Source: ‘My Quest for God’ by John Trevor, published 1897 by the “Labour Prophet” office, London.
John Trevor (1855 – 1930) was the son of Henry Trevor’s brother Frederic Francis (cf PGPT106), who died in 1860 when John was only six. John was therefore brought up in Wisbech by his grandparents who were very strict Baptists (PGPT164). This upbringing probably contributed to his later religious crises and nervous breakdowns.
He first trained as an architect in Norwich, but did not settle to the work and went (probably encouraged by Henry) to seek his fortune in Australia and America. Again he did not settle, and returned to England and in 1881 married his cousin Eliza (PGPT162), Henry Trevor’s daughter, some eleven years his senior. They were married in London rather than in the Baptist chapel in Norwich, as might have been expected.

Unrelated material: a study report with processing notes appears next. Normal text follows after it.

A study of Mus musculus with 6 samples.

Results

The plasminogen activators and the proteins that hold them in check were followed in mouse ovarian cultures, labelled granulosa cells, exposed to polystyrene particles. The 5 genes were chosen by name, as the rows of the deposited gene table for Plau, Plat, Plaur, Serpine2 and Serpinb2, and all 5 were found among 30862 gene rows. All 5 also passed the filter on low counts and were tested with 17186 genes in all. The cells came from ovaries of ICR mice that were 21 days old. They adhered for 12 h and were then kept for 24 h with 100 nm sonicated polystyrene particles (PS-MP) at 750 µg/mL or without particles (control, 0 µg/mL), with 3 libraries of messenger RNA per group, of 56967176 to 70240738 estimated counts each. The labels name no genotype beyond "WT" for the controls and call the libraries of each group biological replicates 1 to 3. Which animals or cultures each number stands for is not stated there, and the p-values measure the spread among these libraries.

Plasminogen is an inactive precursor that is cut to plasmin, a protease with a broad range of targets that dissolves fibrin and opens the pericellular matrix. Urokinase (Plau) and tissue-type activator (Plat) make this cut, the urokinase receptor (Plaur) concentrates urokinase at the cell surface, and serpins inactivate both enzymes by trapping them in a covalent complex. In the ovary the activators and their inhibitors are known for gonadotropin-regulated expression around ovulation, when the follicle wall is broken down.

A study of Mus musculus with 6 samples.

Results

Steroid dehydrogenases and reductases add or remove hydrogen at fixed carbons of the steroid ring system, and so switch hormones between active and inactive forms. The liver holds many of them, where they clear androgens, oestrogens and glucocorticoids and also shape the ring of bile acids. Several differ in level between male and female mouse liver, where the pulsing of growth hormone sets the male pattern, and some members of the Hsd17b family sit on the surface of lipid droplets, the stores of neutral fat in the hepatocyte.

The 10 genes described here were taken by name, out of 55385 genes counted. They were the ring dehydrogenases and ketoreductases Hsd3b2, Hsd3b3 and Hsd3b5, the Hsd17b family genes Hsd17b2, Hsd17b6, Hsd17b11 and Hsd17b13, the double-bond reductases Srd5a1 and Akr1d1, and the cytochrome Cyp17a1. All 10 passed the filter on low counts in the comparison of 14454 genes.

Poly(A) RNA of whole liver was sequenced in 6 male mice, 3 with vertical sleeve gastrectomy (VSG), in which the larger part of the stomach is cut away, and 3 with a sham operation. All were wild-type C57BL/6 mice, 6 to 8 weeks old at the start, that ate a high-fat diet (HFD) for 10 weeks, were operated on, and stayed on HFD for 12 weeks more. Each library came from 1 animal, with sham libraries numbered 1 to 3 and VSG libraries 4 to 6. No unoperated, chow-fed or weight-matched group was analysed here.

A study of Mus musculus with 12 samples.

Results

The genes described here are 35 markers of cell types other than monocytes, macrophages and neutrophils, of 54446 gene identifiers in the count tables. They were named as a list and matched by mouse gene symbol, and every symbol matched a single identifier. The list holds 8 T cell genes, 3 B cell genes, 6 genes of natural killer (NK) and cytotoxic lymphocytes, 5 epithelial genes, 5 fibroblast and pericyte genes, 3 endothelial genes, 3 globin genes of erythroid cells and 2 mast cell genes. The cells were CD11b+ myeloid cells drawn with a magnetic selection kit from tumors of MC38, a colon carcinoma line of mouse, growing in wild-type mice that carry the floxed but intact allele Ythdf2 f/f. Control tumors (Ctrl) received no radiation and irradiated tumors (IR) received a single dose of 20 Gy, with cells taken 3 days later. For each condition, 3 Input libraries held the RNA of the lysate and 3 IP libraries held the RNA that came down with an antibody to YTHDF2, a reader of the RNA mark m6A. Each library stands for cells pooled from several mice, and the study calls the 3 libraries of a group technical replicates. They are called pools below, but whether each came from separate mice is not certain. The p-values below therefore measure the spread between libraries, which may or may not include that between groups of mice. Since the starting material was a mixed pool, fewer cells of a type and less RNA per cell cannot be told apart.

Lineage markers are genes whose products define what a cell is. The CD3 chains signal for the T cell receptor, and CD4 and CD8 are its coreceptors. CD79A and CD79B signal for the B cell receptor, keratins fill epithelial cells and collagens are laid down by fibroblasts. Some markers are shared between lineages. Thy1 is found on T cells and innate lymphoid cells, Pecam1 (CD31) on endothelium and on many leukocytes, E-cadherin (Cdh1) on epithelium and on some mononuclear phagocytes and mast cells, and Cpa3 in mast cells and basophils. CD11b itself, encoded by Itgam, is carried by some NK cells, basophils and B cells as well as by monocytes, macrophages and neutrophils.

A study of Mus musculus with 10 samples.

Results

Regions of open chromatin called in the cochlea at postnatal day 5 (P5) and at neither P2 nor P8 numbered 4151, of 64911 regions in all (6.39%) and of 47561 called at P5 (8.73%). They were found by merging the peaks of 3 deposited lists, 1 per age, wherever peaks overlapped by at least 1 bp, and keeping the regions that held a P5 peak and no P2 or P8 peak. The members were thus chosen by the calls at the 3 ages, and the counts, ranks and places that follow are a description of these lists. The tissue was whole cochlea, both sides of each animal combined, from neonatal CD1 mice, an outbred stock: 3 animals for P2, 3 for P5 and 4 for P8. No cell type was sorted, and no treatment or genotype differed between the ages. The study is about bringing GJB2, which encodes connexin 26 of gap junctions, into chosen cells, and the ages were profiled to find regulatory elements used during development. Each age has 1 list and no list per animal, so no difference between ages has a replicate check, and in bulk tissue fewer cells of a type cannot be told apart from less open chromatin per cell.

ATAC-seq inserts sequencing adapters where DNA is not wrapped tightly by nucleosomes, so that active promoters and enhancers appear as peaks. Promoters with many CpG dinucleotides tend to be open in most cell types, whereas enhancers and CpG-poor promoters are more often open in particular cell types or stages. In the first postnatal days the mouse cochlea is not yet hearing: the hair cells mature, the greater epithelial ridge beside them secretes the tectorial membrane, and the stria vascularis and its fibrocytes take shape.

John finally found his vocation as a Free Church minister and was appointed to Manchester, where he founded the first Labour Church. Its ideal was that the working man should feel at home with its simple style of worship. Famous socialists like Bernard Shaw and Kier Hardie came to speak at John’s meetings and so nowadays religious and political historians take a great interest in this period of John’s life.
Sadly, he had another nervous breakdown, and moved away from Manchester to Cheshire, Sussex and London. He wrote articles putting forward socialist policies, married a second time and became a photographer.
It is noticeable that among the many legacies Henry Trevor left to his relatives there was no personal bequest to John.